Death to penguins!


Madam Josephine Starcher, the first and so far only female British prime minister has died at the age of 106, her chief propagandist Lord Ho Ho has announced.

Struggling to hold back the tears and dressed entirely in black, the normally jovial Ho Ho delivered his message to the massed ranks of the British press, knowing that this was a truly historic moment.  "This is a truly historic moment.  Madam Starcher is dead.  She choked on a Ritz cracker.  Mark and Carol Starcher have asked for the utmost media intrusion at this time.  As a supporter of a free press, it's what their mother would have wanted."

From humble upbringings, born into a family of fish gutters, Madam Starcher rose to be one of the defining political personalities of the 20th century.  Abandoning a career in turning the windmill round at the local crazy golf course, she joined the Conservative party, influenced heavily by the political philosophy of the German panel beater Herman von Paddle Steamer.  Realising that his aquatic based economics were rather antediluvian, she soon settled on the far more sensible writings of Fredrich von Hayek.

First selected by the Tories to contest the safe Silly Party seat of Luton, she nonetheless succeeded in reducing their majority by first 10 and then a further 5 votes.  It was not until 8 years later that she finally entered parliament, having won the London seat of Finchley thanks to a mistake on the ballot which listed her as the Ayn Rand Continuity party candidate.  The electorate were rather miffed at first to have elected someone so moderate, but soon took Starcher to their hearts.

Starcher's first taste of real power was as education secretary in the Conservative government of 1970.  Given the position by noted sailor and bon vivant Samuel O' Beckett, who approved of her past flirtation with the works of von Paddle Steamer, she excelled in the job, with her decision to introduce Turkey Twizzlers onto the lunch menu of every school in the country welcomed by all, especially newspaper owner Sir Bernard Matthews.

Rising to become leader of the party after O' Beckett mysteriously fell off a barge into the Grand Union Canal, she fought both sexism and the patronising mentality within the Conservatives, many of whom kept mistaking her for the charwoman right up until her resignation in 1990.  She nonetheless led the Conservatives to victory in 79, the Labour party's policy of discounting tents for summer holidays having been a unmitigated disaster for the country.

Once ensconced in Downing Street, she set about introducing reforms which were controversial from the outset.  At first, it seemed as though her policy of "Voucherism", whereby money was abolished and vouchers given out instead was leading Britain towards ruin, as unemployment increased by 25 million and a 6 hour week had to be put in place.  Criticised and cajoled by the "damps" in her cabinet, she gradually reintroduced money and later claimed that she had never supported voucherism at all.

Despite this set back, her first term came to be defined by the Rockall war.  The tiny island was invaded in 1982 by penguins who declared a socialist state, much to the dismay of the local population of British gannets.  Intervening on the side of the gannets, who she believed shared her political philosophy, the war lasted 30 minutes and cost the lives of approximately 59 penguins.  1 British soldier took a peck to the groin.  The successful action came to be the seen as the turning point in the government's fortunes, and the slogan "death to penguins" was a rallying cry for young Conservatives everywhere during the 83 election campaign.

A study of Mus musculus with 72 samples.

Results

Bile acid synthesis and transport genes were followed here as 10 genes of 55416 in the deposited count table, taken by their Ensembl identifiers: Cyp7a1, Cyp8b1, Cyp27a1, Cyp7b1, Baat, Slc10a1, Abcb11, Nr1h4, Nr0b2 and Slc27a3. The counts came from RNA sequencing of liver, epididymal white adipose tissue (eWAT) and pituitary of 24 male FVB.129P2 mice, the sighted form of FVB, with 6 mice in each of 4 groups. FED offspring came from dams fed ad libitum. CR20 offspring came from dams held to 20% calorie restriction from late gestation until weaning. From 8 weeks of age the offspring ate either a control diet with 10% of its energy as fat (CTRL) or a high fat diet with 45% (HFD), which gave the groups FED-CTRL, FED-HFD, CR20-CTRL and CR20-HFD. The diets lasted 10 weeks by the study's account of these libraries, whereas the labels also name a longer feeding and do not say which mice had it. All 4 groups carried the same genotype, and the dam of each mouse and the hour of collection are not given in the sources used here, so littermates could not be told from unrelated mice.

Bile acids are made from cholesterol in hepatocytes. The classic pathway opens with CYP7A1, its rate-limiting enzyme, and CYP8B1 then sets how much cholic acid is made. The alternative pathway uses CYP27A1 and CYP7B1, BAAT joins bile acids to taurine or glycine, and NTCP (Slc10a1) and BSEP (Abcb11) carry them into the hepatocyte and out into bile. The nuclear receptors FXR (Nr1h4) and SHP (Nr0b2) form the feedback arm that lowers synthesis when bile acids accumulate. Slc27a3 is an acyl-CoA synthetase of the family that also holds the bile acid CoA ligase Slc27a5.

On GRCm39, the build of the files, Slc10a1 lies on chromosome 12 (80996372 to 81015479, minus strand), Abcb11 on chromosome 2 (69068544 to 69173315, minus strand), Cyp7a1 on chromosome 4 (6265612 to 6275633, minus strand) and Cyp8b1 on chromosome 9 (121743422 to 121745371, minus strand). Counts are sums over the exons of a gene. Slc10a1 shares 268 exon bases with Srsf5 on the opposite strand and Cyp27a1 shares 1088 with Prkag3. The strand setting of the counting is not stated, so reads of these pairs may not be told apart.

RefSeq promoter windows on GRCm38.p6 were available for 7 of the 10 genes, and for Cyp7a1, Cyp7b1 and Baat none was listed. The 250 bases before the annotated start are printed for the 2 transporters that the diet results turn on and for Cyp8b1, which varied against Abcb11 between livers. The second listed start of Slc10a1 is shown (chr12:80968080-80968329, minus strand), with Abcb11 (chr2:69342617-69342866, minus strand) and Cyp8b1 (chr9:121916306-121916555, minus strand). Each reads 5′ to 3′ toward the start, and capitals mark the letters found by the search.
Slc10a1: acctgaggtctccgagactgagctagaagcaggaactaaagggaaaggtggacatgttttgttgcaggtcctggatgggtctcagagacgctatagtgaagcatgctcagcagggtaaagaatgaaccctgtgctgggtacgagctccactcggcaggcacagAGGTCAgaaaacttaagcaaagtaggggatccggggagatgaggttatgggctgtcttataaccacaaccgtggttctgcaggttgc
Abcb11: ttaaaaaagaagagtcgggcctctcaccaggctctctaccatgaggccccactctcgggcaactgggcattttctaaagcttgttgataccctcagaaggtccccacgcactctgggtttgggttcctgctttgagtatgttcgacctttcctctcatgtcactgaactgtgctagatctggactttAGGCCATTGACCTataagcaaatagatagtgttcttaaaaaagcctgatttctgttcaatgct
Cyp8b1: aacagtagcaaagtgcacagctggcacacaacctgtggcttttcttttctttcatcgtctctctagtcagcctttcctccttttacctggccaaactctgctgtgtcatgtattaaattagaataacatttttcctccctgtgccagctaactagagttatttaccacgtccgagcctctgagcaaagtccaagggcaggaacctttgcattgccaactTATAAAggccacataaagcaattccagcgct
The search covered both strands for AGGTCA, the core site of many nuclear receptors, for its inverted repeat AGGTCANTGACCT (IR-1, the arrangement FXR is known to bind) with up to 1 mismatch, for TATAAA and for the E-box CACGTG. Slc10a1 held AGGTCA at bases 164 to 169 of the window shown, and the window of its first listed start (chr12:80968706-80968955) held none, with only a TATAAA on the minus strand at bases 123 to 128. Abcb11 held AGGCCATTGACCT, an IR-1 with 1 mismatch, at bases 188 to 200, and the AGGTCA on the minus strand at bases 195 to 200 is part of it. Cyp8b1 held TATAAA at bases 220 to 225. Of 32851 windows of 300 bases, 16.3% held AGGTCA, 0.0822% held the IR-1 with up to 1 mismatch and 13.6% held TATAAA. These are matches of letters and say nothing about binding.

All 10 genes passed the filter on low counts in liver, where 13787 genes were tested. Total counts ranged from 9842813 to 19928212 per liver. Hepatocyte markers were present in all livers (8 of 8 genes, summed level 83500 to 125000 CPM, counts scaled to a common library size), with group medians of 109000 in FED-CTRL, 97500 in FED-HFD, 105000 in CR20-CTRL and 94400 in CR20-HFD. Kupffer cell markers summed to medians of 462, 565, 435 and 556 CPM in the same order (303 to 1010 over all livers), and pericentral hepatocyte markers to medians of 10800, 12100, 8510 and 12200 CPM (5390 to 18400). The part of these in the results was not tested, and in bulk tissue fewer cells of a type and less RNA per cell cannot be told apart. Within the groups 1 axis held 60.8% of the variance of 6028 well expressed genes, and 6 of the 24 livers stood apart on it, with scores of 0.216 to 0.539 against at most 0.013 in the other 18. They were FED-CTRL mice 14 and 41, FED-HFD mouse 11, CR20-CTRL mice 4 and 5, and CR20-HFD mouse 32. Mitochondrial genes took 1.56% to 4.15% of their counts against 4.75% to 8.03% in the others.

Her second term was dominated at first by a strike by sewage workers, whose campaign of civil disobedience came to a head when they almost killed Starcher with a massive "shit cannon" blast in Brighton.  After defeating their leader Captain Crabs, she set about privatising much of the country's infrastructure, starting with the state owned glass eye maker.  Her victory in the 87 election assured, concerns began to be raised that power had gone to her head.  Her edict that every man, woman and the child in the country with the exception of nuns and the insane had to cut off their left ear, legislation that became known as the "ear tax", resulted in riots in Victory Square.  Challenged for the leadership of the party by Didbin Jane, she failed to win on the first ballot and was persuaded to stand down, leaving Number 10 with noticeably wet armpits.

In a sign of the unanimity of feeling across the political spectrum, a joint statement on Starcher's death has been issued on behalf of David Cameron, Ed Miliband, Nick Griffin and Nigel Farage:

"Truly, Starcher was the queen of hearts.  She cured the blind, healed the sick, and only once did she call for everyone to cut off their left ear.  Her successes were numerous, and the country was transformed from the hell hole it was in 79 to the paradise it continues to be today.  She literally single-handedly defeated the Soviet Union, the evil empire collapsing like a pack of cards with one swish of her right hook, while she also established the enterprise culture that today means anyone can take out a payday loan on an APR rate of 600,000%.  We hope that all will join us in saying one last time, death to penguins!"

Nick Clegg was unavailable.

The response elsewhere has been mixed.  In Scotland, where many of her policies were first tested out, a mass event appears to be taking place in Glasgow's George Square, although reports are unclear about whether or not the mass drinking is usual for a Monday.  Also indifferent it seems are the young, many of whom appear to be unaware of the legacy left for the country by Starcher.  One 15-year-old asked for his opinion merely grunted and then walked off, while a 17-year-old left the following message on Twitter:

"Everyone in politics is a fucking fag."